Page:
The EUR has weakened against both Sterling and the USD this week, falling below 1.14 and 1.18 respectively.
The Euro had benefited from a quick-fire sell-off of Sterling currency positions, as the markets braced themselves for last week’s Bank of England (BoE) interest rate decision.
Due to the central bank not raising rates the Pound’s value deteriorated and the Euro gained as a result.
However, these gains have started to retract following some positive wage figures for the UK and mixed economic data for the Eurozone this week.
The key data release was the latest Gross Domestic Product (GDP) figures, which came out as expected but Industrial Production figures came out below expectation.
However, the key reason behind the Euro’s lacklustre display this week was likely the dovish address by European Central Bank (ECB) president Mario Draghi.
His normally upbeat tone was unusually sombre, accepting that Eurozone growth had slowed, although he didn’t go as far as committing to a change in the ECB’s current monetary policy scheme.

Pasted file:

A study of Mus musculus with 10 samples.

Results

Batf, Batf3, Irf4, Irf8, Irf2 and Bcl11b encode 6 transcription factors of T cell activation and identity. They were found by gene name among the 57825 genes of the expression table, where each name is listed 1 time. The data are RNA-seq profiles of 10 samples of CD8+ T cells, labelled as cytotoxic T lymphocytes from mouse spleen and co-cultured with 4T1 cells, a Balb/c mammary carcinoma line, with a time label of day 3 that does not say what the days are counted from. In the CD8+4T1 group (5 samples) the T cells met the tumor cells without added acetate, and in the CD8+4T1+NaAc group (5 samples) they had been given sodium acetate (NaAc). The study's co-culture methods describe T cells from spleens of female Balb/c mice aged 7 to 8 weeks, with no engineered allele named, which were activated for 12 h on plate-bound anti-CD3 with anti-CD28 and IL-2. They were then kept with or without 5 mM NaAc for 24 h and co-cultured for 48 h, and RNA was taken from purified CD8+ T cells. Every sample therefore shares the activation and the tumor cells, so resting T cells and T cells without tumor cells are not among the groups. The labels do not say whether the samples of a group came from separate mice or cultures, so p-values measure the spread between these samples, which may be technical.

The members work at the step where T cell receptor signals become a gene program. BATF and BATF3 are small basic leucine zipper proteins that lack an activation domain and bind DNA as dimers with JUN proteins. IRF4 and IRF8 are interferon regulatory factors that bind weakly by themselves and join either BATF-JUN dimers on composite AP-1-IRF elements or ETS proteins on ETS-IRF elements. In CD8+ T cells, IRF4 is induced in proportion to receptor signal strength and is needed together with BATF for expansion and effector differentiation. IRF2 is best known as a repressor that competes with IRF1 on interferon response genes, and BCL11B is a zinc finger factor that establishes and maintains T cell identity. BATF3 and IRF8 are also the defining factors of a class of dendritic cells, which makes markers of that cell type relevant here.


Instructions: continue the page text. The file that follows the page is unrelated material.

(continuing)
Looking at EUR/USD rates and these have dropped below 1.18, with the EUR now firmly marooned under 1.20 having plenty of support above this threshold only recently.
One of the reasons for the current malaise, is likely to be the potential trade tariffs that US President Donald Trump intends to impose on any imported Eurozone goods, a move which could increase tensions between the regions.
Add to this growing concerns over how Eurozone business may be negatively affected by Trump’s decision to pull the US out of the Iranian nuclear deal and it is easier to understand why investors may have shied from the single currency in recent weeks.
It is no secret that the Eurozone economy has certainly slowed of late, with the official figures for the first quarter of 2018 well below last years predicted growth. Many of the Eurozone’s key economies are under pressure, in particular Germany’s, which widely considered the powerhouse of the Eurozone and has had the ability to withstand any economic downturn inside the Eurozone region.